Donald Harington was much on my mind last Saturday, November 7, as I attended a wedding in the vicinity of Murray, Arkansas, a place well off the paved roads, southwest of Jasper, the county seat of Newton County. On this spectacular day–an outdoor wedding in November!–I watched Julie Brown and Dan Osterkamp start their married life in the midst of family and friends, against a stunning limestone bluff, to the accompaniment of a gurgling stream.
On this lovely day, Donald Harington died of pneumonia, ending of a long battle with cancer, in Fayetteville, where he had lived and worked for many years as a professor of art history at the University of Arkansas. The New York Times obituary of Donald Harington is as thoughtful as any I’ve read. If you know of others, please add them below.
Harington is well-known in the Ozarks for his novels that are set in Newton County, Arkansas, around the community he called Staymore. The quality of Harington’s fiction seems erratic to me, except that it is usually engaging and often hilarious. He created characters who settled Staymore, or were born there, leaving and returning, over the last few hundred years. He gives them ideas appropriate for their times, houses them in a variety of structures, and links them to one another in many ways, genetic, financial, sexual, and political.
One branch of my ancestry, led by Ezekiel and Talitha Shaddox, homesteaded in Newton County in the 1850s, just below Pruitt, where Mill Creek spills into the Buffalo River. Harington’s ability to evoke what Newton County was like in times past adds color and detail to my own mental pictures of the lives and surroundings of my forebears.
The fiction of the Ozarks is rich but not deep.
Harold Bell Wright’s novels, such as The Shepherd of the Hills (1907), are the prototypes of romance novels, immensely popular but without great characterization. Thames Williamson’s short novel The Woods Colt (1933) tells a gripping story of a family involved with an illegal distillery and rough characters in northern Arkansas and is enhanced by Williamson’s great ear for dialect and dialog. The finely-crafted novels of Douglas Jones describe the Civil War in the Ozarks.
Wilson Rawls’s Where the Red Fern Grows (1961), set in the Oklahoma Ozarks near Tahlequah, is a powerful story, up there with and in the genre of Shane and Old Yeller: I’ve been told that the 1973 movie version was shown at a local coonhunters’ association meeting, after which all the coonhunters walked out to their trucks without speaking or exchanging glances, keeping their tears to themselves.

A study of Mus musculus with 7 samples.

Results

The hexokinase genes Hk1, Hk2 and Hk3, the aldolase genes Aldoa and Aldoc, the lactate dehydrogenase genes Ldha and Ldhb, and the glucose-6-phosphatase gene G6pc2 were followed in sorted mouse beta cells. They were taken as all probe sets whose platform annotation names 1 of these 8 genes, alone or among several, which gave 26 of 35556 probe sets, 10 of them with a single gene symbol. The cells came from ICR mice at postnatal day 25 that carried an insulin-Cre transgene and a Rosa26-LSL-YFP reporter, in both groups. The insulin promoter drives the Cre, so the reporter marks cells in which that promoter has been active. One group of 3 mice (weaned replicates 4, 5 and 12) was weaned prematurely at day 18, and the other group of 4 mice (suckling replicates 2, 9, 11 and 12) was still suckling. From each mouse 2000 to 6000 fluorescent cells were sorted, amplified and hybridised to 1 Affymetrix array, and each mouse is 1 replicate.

More recently, Daniel Woodrell’s novels depict rural poverty and social disintegration in the modern Ozarks. I have not read Gary Blackwood’s well-regarded novels, such as Moonshine (1999).
Dee Brown, whose historical fiction and non-fiction occasionally touched the Ozarks, consistently wrote at a high level, including in Way to Bright Star (1998), which describes a couple of young men who were hired to take a couple of camels through northwestern Arkansas and southern Missouri during the Civil War. Brown’s 1993 memoir When the Century Was Young: A Writer’s Notebook includes the comedic tale of Brown and a friend being thrown in the Newton County jail for a crime they didn’t commit. Brown is most famous for Bury My Heart at Wounded Knee (1970), which is a collection of essays about the U. S. government’s execution of Native Americans, and his best-selling novel Creek Mary’s Blood (1980), which is the fictionalized story of several Cherokee families (including several of my maternal ancestors and collateral kin) from the sixteenth through the 20th centuries. Some of the scenes in Creek Mary’s Blood take place in the Ozarks.
Harington’s contribution to Ozarks literature is substantial.
If you haven’t read Donald Harington’s fiction, you might want to start with The Architecture of the Arkansas Ozarks (1987), and work through the twelve other novels. I’m also a fan of Let Us Build a City, a non-fictional exploration of eleven places in the Ozarks with “city” in their names, with special attention to the aspirations of the promoters of these towns that never grew. This essay by Steve Reed describes Harington’s distinct skills as a storyteller and gives an overview of his fiction.